The Journal Gazette
First-year U.S. Sen. Mike Braun of Indiana said Monday that he favors requiring stronger background checks for gun buyers in the wake of mass shootings over the weekend in Ohio and Texas.
“Mass shootings and gun violence across our country is a complex situation, watching Congress do nothing is unacceptable and I agree with President Trump’s call for bipartisan legislation to address this crisis,” Republican Braun said in a statement.
“Any bipartisan legislation needs to include: stronger background checks; red flag laws known as extreme risk protection orders that address mental illness; commonsense solutions that complement the Trump Administration’s ban on bump stock(s) so we can crack down on modifications that turn guns into military style assault weapons; and steps that are responsive to a culture that glorifies violence.
“We live in the greatest country in the world, but the tone and destructive rhetoric across the ideological spectrum is tearing our country apart and we need to get back to a society that works towards finding common ground on issues where we disagree,” Braun said.
The Journal Gazette asked Braun’s staff whether he supports two House-passed bills that would expand background checks.
“Previously introduced proposals have failed to become law because they do not have sufficient bipartisan support; but I think we can all find common ground,” Braun said in a later statement. “President Trump’s remarks offer a fresh opportunity for a bipartisan, comprehensive solution and I believe that includes strengthening our background checks to keep guns out of the hands of criminals and the dangerously mentally ill in a way that gets the support of the White House and Congress, while protecting the rights of law-abiding citizens.”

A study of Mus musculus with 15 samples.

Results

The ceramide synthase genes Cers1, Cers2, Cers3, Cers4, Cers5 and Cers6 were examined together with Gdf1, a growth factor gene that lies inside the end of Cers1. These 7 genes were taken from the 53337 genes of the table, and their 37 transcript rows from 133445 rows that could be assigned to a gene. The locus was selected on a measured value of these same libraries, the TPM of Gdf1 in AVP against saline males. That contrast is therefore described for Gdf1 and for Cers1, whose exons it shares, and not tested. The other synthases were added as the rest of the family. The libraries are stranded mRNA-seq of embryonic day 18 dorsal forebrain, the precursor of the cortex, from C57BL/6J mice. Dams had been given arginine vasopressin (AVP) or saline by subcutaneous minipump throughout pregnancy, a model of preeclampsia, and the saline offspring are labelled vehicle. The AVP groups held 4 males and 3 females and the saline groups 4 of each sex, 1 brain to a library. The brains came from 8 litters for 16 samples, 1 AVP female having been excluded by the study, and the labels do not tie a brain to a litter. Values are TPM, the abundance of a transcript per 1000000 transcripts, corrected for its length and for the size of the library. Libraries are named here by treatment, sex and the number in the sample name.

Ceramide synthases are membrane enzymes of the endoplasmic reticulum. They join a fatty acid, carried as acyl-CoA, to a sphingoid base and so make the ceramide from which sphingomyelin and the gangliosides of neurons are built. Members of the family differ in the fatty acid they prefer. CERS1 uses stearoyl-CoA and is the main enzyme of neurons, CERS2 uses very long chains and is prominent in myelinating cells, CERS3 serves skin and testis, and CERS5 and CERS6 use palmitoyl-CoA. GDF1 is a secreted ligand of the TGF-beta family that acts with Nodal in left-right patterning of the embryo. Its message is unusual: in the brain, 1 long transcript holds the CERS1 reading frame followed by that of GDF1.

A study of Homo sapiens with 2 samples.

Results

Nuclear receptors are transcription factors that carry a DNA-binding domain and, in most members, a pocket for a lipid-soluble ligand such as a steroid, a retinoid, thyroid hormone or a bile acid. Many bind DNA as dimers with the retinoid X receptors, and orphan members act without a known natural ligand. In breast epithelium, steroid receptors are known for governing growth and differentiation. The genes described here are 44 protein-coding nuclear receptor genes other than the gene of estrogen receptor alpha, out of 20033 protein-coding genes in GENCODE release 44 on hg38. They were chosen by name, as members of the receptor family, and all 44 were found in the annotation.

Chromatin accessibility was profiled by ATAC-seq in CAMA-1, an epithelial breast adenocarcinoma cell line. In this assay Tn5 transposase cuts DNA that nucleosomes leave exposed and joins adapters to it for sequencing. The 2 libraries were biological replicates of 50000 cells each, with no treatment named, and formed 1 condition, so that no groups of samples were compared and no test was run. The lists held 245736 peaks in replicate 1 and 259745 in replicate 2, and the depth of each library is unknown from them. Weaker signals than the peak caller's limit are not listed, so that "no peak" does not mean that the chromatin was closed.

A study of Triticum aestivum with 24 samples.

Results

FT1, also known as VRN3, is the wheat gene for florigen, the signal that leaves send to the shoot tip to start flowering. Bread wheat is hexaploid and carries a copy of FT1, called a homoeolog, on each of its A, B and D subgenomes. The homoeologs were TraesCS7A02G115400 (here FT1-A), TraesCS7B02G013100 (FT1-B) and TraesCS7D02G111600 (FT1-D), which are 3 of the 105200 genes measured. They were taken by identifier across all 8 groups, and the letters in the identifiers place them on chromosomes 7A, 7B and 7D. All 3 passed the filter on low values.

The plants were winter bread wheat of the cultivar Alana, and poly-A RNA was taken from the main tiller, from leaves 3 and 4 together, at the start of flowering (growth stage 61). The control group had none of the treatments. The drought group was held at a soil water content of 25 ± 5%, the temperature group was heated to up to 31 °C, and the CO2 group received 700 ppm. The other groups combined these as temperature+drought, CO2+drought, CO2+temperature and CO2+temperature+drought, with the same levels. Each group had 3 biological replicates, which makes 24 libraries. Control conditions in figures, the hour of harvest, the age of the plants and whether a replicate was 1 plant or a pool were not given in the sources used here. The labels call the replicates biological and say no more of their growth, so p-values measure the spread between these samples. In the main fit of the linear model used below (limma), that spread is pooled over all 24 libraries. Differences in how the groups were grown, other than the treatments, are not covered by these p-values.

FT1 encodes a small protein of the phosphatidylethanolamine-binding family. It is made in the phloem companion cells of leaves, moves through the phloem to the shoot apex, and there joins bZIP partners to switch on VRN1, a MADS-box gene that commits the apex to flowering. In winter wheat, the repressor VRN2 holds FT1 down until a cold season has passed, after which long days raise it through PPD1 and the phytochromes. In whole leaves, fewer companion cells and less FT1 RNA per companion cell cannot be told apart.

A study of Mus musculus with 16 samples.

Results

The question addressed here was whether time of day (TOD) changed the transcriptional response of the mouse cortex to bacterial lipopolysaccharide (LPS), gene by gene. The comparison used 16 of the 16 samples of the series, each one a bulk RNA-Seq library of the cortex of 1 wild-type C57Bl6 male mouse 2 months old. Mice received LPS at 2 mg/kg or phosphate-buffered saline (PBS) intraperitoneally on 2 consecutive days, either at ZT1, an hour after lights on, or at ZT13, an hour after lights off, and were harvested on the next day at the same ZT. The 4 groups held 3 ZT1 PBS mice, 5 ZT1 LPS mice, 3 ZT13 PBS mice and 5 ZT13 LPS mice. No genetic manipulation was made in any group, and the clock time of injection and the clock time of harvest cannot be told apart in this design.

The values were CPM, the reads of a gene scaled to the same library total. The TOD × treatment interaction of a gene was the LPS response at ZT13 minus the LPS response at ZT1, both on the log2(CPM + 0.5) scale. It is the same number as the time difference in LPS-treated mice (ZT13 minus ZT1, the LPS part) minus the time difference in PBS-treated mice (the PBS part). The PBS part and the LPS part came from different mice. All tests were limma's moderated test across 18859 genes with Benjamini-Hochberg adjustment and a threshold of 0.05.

Trump tweeted Monday that Republican and Democratic lawmakers “must come together and get strong background checks.”
None of the other three federal lawmakers who represent northeast Indiana indicated support for tougher background checks in statements and tweets Monday.
Sen. Todd Young, R-Ind., said he backs red flag laws, which allow for law enforcement officials to remove firearms from people considered dangerous to themselves or others. Seventeen states, including Indiana, and the District of Columbia have such laws, according to the Giffords Law Center to Prevent Gun Violence.
“Clearly we have multiple problems in this country – problems of hate, social alienation, and the devaluing of human life – and we’re going to have to work together as a nation to address these challenges. I think Indiana has done a good job with respect to our red flag law and that’s something that needs to be part of the conversation moving forward across the country,” Young said.
Rep. Jim Banks, R-3rd, expressed his support for Trump’s remarks Monday about the shootings in Dayton and El Paso, Texas.
“Condemning racism, bigotry, and white supremacy, identifying mass shooters before they strike, combating internet radicalization, demanding tougher mental health laws. Thank you @POTUS for demonstrating the kind of leadership our nation needs,” Banks wrote on Twitter.
He later tweeted: “When you’re sick, a doctor must correctly diagnose your illness before treatment can begin. We must do the same in diagnosing radicalization and extremist ideology as main causes of terrorism, like we saw in #ElPaso and #Dayton this weekend.”
Rep. Jackie Walorski, R-2nd, tweeted Monday, “I am committed to working with my colleagues to confront the threat of domestic terrorism, address gaps in mental health care, ensure our laws are fully enforced, and protect the rights of law-abiding citizens.”
Walorski and Banks voted against the background check measures approved this year by the Democratic-controlled House, as did most other Republicans in the chamber.